The ending of "Where No Man Has Gone Before", while the ship and crew survive intact (for the most part) it still feels like a downer ending. The fact that Kirk points out that they couldn't save Mitchell somehow makes it worse.
Spock's reaction to the Psi 2000 virus in "The Naked Time." The incurably stoic Vulcan breaks down in sobs. His explanation to Kirk of his regrets might also count, especially since Kirk is too pressed for time to listen.
McCoy: I could have saved her! Do you know what you just did?
Spock: He knows, Doctor... he knows.
What makes it even more effective is that as Spock says this, the camera pans to Kirk, completely breaking down in tears. He does not come anywhere close to tears again until Spock's death in Star Trek II: The Wrath of Khan.
T'Pau: Live long and prosper, Spock. Spock: I shall do neither. I have killed my captain... and my friend.
This exchange is even more tearjerking when you consider the Fridge Brilliance factor of Spock's first sentence. He fully expected either to be disgraced and executed or to commit suicide (it's not certain which).
It's definitely suicide - the only death sentence left on Starfleet's books is for visiting Talos IV.
Or he was implying that he would essentially waste away from grief. From what's said about Vulcan mind-powers, it seems possible.
Spock's background potentially makes this even more heartbreaking. The guy has already gone through an amount of discrimination and bullying that has driven some people to villainy or to suicide, and his only response is to close himself off and work harder for acceptance. But when he realizes he's killed one of the only people to accept him (even if it's not really his fault), he breaks instantly, shutting down and wanting to die.
The death of the Landru machine in "The Return of the Archons" was surprisingly sad in it's own way. While Kirk was right in destroying it, hearing Landru cry out for it's creator to save it as it exploded makes one wonder if perhaps the alien computer was sentient after all.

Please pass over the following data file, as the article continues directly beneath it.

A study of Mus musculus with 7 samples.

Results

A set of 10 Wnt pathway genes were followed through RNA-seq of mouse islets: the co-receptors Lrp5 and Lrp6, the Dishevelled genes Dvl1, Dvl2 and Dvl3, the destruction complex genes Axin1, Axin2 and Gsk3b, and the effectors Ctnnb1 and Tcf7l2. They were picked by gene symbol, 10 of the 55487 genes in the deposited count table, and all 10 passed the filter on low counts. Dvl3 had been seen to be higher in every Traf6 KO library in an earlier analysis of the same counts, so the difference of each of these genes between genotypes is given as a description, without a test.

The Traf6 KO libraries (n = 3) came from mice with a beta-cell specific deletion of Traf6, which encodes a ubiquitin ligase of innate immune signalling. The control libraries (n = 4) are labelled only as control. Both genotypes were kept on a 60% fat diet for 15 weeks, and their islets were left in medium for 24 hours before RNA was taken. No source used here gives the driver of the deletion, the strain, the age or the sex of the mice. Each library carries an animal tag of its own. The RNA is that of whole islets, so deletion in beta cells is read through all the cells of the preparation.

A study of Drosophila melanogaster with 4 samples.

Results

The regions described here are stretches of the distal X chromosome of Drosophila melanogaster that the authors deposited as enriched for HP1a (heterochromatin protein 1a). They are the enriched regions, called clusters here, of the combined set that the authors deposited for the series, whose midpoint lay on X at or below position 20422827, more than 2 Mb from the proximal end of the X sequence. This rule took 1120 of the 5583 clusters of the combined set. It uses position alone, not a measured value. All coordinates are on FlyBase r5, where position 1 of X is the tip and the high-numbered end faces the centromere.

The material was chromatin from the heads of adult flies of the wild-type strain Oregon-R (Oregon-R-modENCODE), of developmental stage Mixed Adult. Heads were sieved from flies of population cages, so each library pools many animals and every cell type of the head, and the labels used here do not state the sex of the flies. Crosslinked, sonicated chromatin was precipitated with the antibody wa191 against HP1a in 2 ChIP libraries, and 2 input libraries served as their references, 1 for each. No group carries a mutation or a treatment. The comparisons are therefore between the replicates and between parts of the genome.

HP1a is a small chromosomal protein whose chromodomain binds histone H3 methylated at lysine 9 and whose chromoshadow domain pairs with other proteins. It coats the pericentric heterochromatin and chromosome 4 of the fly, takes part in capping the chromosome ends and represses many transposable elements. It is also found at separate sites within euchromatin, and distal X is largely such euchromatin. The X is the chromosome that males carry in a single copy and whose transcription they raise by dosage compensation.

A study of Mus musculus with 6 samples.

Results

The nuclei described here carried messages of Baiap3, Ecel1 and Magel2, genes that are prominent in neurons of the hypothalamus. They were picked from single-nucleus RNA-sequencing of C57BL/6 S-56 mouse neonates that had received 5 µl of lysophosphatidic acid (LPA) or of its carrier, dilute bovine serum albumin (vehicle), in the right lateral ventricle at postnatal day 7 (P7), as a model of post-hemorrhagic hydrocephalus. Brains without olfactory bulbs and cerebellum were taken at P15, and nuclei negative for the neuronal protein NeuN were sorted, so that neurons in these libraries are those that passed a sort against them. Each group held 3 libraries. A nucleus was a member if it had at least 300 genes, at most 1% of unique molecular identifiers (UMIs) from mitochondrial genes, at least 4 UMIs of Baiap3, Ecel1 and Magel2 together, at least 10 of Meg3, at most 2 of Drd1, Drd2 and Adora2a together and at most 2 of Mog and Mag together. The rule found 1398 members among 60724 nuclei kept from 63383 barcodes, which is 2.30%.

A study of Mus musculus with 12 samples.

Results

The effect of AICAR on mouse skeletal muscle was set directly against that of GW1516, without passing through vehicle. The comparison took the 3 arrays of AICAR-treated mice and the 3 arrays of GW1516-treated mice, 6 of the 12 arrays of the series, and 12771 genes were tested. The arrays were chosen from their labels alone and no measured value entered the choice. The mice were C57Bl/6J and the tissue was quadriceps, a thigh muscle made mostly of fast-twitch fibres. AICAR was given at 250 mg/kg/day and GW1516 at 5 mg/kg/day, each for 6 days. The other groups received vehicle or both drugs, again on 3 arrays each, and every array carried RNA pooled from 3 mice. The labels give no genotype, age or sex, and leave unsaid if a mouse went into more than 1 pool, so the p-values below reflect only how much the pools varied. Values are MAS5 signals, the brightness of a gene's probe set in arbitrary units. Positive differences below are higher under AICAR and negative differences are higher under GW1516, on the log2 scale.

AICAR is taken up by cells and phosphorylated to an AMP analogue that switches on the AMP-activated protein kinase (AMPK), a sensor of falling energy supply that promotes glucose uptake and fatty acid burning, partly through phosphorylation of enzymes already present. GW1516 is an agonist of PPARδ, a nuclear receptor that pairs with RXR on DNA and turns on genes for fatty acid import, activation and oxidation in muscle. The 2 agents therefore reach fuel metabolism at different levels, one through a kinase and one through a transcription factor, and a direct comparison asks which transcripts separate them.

"The Doomsday Machine". Decker's anguished description of how he lost his entire crew. Also, Kirk begging Decker to come back and let them find another way besides a Heroic Sacrifice to destroy the creature. He doesn't listen.
Kirk: Matt, where's your crew?
Decker: On the third planet...
Kirk: There is no third planet!
Decker: (looks up at Kirk in horror and shame) Don't you think I know that? There was, but not anymore!
"All Our Yesterdays," Kirk is able to get Spock and McCoy back to the present, but Zarabeth, the woman who helped them, has to remain behind, condemned to live out the rest of her life alone in Beta Niobe's ice age past.
The ending of "The Paradise Syndrome". Kirk loses his unborn child and his wife within minutes of one another.
From "Journey to Babel", the scene between Amanda and Spock: recounting his painful childhood, her storming out in tears, his raised hand at the door, unable to do anything more...
The death's of so many Red Shirts, yes the death of Red Shirts was a Running Gag. But let's be honest, some of there death's were very heartbreaking.
Poor Yeoman Thompson, who was turned into a mineral cube by Rojan and crushed in "By Any Other Name".
The young engineer Harper, who got vaporized by plasma flow activated by computer M-5 to restore its power supply. The worst part is how Daystrom tried to rationalize it as Harper simply "getting in the way."
While it's not mentioned afterward (figures) the two security officers who got beamed into open space while Sulu and Chekov were under the induced illusion that the ship was still in orbit of a planet in "And the Children Shall Lead". Poor guys...
The death of the man who was about to be married in "Balance of Terror," and his fiance's reaction at the end of the episode, is probably the saddest one in the series.
Part of this is that, Running Gag it may have become, to Kirk, the fact that these crewmen died on his watch is clearly a personal failing - he may have saved the ship, but his role as captain is to protect those men and women under his command, so to him, not coming home with everyone means he still failed.